Misty May-Treanor and Kerri Walsh Jennings win gold against fellow Americans April Ross and Jennifer Kessy in Olympic beach volleyball match; Sitting Volleyball Paralympian Katie Holloway on how determination helps her in sport, life
Misty May-Treanor and Kerri Walsh Jennings will have to change their Twitter bios from “2-Time Olympic Gold Medalist” to “3-Time Olympic Gold Medalist.” May-Treanor and Walsh Jennings put away fellow American beach volleyball duo April Ross and Jennifer Kessy in just two sets Wednesday night, with May-Treanor and Walsh Jennings winning the Olympic gold medal and Kessy and Ross taking the silver.
“It’s ever easy playing your own countrymen,” May-Treanor told the “Today” show Thursday. “They help elevate their game because they are such wonderful players. I couldn’t be more proud to face Jen and April.”
After their big win, May-Treanor announced her retirement to start a family with her husband; Walsh Jennings will continue to play, albeit with a different partner.
“I’m emotional but we learn so much outside of volleyball – that’s what this Olympics signified – our journey off the court together,” May-Treanor said of her relationship on and off the court with Walsh Jennings. “It’s something we’re never going to forget. We’re going to be in each other’s lives forever.”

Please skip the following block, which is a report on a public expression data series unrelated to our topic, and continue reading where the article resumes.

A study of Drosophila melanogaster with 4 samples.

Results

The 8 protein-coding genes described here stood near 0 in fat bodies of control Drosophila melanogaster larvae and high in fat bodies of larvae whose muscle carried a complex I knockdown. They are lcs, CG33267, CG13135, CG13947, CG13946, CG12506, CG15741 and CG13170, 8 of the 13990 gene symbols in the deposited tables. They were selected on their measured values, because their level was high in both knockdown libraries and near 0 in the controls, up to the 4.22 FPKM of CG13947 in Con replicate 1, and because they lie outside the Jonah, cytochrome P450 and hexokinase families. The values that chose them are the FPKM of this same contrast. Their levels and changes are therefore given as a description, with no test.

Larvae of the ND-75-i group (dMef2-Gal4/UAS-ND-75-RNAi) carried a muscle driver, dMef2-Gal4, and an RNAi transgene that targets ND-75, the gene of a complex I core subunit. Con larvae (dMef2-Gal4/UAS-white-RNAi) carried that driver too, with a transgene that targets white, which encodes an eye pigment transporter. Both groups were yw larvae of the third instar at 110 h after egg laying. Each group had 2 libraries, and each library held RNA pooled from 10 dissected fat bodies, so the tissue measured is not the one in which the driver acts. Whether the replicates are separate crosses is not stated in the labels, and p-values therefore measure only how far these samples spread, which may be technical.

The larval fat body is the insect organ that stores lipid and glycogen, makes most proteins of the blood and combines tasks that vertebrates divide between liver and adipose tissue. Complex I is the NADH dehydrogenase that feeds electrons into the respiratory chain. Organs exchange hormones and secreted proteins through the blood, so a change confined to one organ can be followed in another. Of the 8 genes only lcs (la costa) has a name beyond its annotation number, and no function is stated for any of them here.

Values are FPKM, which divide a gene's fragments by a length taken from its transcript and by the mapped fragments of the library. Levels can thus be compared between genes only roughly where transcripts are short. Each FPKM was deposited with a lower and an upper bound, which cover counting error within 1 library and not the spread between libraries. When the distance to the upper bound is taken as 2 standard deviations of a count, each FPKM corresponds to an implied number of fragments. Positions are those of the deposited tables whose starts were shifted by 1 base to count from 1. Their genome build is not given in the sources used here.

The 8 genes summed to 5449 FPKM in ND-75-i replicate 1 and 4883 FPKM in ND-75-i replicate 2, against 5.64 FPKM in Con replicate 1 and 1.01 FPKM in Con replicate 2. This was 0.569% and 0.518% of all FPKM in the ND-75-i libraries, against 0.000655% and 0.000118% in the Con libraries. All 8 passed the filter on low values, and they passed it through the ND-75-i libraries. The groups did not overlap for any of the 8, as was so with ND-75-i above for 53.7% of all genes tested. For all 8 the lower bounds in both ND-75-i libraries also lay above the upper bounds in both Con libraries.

May-Treanor and Walsh Jennings are the first women to win three Olympic medals in beach volleyball and the first players of either gender to win three beach volleyball gold medals.
“We’re really proud of what we did here,” Ross said. “I’m so proud of how we fought. We just didn’t have that same opportunity in this match. They didn’t let us back in. Kudos to them.
“We expected a battle and it wasn’t the battle we thought it was going to be.”
“We want to seal the deal that we’re the best team that’s ever happened,” Walsh Jennings said Tuesday night after the pair beat China to move on to the gold-medal round China. “Misty has changed my life. I just love her. I want to win tomorrow for us.”
Both teams undoubtedly took to the sand full of determination – something Sitting Volleyball Paralympian Katie Holloway is well familiar with.
Holloway is the epitome of determination and resilience. Born without a fibula in her right leg, her leg was amputated when she was 20 months old. Twenty-five years later, she is a decorated basketball and volleyball player set to compete in the 2012 Paralympic Games later this month.
Watch Holloway discuss how she achieved athletic success through mentorship and hard work:
This will be Holloway’s second Paralympic Games appearance. She hopes to inspire others to achieve their dreams, regardless of the obstacles in their way.
“What I do and what I stand for is enabling people with physical disabilities, but also looking at overcoming your adversity and trying to express that to everyone,” she told genConnect. “No matter what you’re going through, pushing forward and pushing past that is what I try to do in my life.